Eurozone Slides Into Recession: Energy Crisis and Inflation Weigh Heavily
The eurozone, contrary to previous forecasts, has succumbed to a recession as data released on Thursday revealed a second consecutive quarter of economic contraction. The region’s growth momentum has been gnawed at by a perfect storm of energy shocks, Russia’s war in Ukraine, mounting inflation, and tightening monetary policies, leading to a premature dent in politicians’ optimistic outlook on the eurozone’s economic resilience.
According to revised data from Eurostat, the EU’s statistics office, the GDP of the 20-nation currency area shrank by 0.1 percent in the first three months of 2023.
The situation worsened as the last quarter of 2022 was also revised to a contraction of 0.1 percent, overturning the previous forecast of 0 percent growth.
This confirms the eurozone’s entry into a recession, defined by two successive quarters of economic decline.
These figures make for disheartening reading for governments grappling with Europe’s cost-of-living crisis triggered by Russia’s invasion and the subsequent surge in energy prices. Furthermore, they add pressure on the European Central Bank (ECB), which has resorted to unprecedented interest rate hikes in an attempt to contain record inflation.
The newly revised data reflects a bleaker economic landscape than initially indicated. Flash estimates released in April had suggested a growth of 0.1 percent for the first quarter of the year in the eurozone. The downward correction follows Germany’s data, the largest economy in the eurozone, which exhibited a second consecutive quarter of contraction, plunging into recession.
Notably, eight EU countries experienced economic contraction in the first quarter of 2023, with Ireland suffering the most significant decline of 4.6 percent due to a drop in exports from multinational companies. Lithuania, the Netherlands, Estonia, Malta, Hungary, and Greece also found themselves in negative territory.
On a positive note, employment in the eurozone continued to show growth, increasing by 0.6 percent in the first quarter of this year, up from 0.3 percent in the previous quarter.
The next meeting of the ECB’s governing council to determine interest rates is scheduled for June 15. While a rate hike in June is widely expected, the recent contraction strengthens the case for a pause in further tightening measures. Daniel Kral, senior economist for Europe at Oxford Economics, asserts that there is still more pain to come from the late 2022 tightening measures.
The ECB aims to raise rates to “sufficiently restrictive levels” to bring inflation back to its target of 2 percent over the medium term, as ECB President Christine Lagarde emphasised in her address to the European Parliament. However, the bank estimates that monetary tightening will shrink the GDP by an average of 2 percentage points between 2022 and 2025, with a peak expected this year.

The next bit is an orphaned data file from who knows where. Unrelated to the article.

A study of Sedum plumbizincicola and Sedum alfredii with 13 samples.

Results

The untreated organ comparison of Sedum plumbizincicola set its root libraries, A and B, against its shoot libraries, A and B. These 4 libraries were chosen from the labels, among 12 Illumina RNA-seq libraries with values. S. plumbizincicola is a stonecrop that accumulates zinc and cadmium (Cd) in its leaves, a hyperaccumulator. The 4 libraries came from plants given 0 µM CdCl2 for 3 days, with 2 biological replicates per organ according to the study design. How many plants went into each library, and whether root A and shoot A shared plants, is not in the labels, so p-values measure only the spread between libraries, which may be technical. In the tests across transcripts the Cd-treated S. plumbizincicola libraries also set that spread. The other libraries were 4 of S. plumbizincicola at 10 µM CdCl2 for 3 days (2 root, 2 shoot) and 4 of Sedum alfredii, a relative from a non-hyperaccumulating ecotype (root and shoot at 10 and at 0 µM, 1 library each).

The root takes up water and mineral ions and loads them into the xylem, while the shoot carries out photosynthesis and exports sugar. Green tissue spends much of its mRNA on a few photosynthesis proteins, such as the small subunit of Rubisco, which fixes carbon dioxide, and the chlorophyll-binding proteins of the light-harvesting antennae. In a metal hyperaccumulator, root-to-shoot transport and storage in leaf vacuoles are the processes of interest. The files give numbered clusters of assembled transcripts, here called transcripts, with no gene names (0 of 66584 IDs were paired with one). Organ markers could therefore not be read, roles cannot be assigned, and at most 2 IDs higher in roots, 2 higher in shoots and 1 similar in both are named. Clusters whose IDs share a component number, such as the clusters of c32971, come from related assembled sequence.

“The muddle-through will continue,” predicts Ludovic Subran, chief economist at Allianz. He suggests that the ECB’s unwavering determination to combat inflation will be tempered by fears of a recession as the eurozone tiptoes through the coming quarters. Prior to the lackluster performance from January to March, the eurozone had already experienced a 0.1 percent contraction in the last quarter of 2022. The consecutive negative GDP performance has now dragged the wider region into a technical recession.
Andrew Kenningham, chief Europe economist at Capital Economics, states that the news of GDP contraction in the first quarter confirms that the eurozone has already fallen into a technical recession. Kenningham further predicts a continued economic contraction throughout the rest of the year.
Several euro economies, including Ireland, the Netherlands, Germany, and Greece, reported a quarter-on-quarter economic contraction in the first quarter. The downturn was reflected in a 0.3 percent drop in household consumption, underscoring the pressures faced by consumers amidst rising prices.
Economist Claus Vistesen of Pantheon Macroeconomics notes that the eurozone region is unlikely to witness significant growth in the months ahead, with expectations of a slowdown in investment.
This lackluster economic environment poses a challenge for the European Central Bank, which has adopted a hawkish stance over the past year and recently set its main rate at 3.25 percent. The central bank’s ability to further increase rates might be limited by a weak economic performance, even as it strives to tackle inflation. ECB officials, however, have previously indicated that bringing down prices takes precedence over avoiding an economic slowdown.
Following the data announcement, eurozone bond yields continued to trade higher on Thursday, with several market players anticipating further monetary tightening.
Early last month the UK missed falling into recession, doing better than predicted.